Assyrians


 

Aisor (Aturai, as they call themselves), a people living in Iran, Iraq, Turkey, Syria, Jordan, Lebanon, and the United States, and in the USSR and some other European countries. The total population is over 1 million (22,000 in the USSR in 1959). The modern Assyrian (Neo-Syriac) language belongs to the Hamito-Semitic family of languages. Religious Assyrians are Christians (mostly Nestorians). Most Assyrians are farmers. In some eastern countries Assyrians retain remnants of the tribal structure. In the USSR, most Assyrians live in cities. They regard themselves as descendants of the ancient Assyrians, and a substantial number of them retain many ancient customs, traditions, and cultural elements.

REFERENCES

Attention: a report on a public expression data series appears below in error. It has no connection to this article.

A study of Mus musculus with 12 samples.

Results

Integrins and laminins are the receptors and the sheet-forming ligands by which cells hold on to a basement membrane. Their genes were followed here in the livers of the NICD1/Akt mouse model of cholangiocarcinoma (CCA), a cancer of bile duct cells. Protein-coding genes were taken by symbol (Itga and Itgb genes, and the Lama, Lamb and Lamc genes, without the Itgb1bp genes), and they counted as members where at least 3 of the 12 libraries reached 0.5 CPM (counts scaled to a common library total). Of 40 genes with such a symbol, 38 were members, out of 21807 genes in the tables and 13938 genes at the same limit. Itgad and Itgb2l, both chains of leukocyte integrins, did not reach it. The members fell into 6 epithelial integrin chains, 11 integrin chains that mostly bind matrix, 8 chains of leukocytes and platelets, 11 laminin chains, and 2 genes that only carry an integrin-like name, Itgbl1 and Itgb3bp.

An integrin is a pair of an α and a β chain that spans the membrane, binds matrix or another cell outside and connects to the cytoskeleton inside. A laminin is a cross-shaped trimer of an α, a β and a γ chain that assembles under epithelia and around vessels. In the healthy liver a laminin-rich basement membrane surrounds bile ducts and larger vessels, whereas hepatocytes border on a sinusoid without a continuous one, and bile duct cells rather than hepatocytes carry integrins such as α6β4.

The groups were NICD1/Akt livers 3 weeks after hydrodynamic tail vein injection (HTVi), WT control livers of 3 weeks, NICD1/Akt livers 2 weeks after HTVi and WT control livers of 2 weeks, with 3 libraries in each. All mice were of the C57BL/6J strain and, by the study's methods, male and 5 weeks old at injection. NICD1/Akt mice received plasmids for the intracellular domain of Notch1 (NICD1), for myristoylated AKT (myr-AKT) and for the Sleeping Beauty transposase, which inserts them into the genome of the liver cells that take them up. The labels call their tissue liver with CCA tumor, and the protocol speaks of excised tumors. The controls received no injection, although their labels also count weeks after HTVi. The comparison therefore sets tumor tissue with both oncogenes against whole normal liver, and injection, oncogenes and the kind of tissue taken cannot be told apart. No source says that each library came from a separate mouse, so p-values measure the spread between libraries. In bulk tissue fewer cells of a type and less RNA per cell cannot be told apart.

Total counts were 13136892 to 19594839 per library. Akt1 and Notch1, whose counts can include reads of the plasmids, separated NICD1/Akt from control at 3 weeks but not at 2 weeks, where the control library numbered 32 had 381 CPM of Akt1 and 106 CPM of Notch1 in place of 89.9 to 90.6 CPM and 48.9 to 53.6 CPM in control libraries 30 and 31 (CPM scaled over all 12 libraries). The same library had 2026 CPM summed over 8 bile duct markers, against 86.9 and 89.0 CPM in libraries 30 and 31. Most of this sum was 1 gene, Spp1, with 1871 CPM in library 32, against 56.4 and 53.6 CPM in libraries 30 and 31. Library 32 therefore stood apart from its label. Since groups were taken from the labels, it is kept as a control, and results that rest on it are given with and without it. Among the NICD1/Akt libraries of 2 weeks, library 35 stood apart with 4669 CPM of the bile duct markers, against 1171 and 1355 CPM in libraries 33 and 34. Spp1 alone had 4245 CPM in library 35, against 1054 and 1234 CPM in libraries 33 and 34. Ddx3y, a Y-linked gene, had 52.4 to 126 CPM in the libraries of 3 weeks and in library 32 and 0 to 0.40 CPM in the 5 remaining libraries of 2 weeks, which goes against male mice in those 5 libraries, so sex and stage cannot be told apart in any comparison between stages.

Matveev, K. P. (Bar-Mattai), and I. I. Mar-Iukhanna. Assiriiskii vopros vo vremia i posle pervoi mirovoi voiny (1914–1933). Moscow, 1968.
Wigram, W. A. The Assyrians and Their Neighbors. London, 1929.

K. P. MATVEEV

References in periodicals archive ?
Cuntz also chatted with Mor Samuel Aktas, the Turabdin metropolitan, in the Sarikoyu village, where mainly Assyrian people are living.
Aboona has written several books on the ancient and modern history of the Assyrian people and here explores the origins, modern struggles, and distinctive culture of the Assyrian tribes living in northern Mesopotamia, from the plains of Nineveh north and east to southeastern Anatolia and the Lake Urmia region.
The Cincinnati Art Museum's statuette is a rare example of sculpture-in-the-round from the Assyrian people.
Although the good Assyrian people will do their share gladly and willingly, they, being few and poor, will have to rely mainly on the charity of the generous Catholics of the city.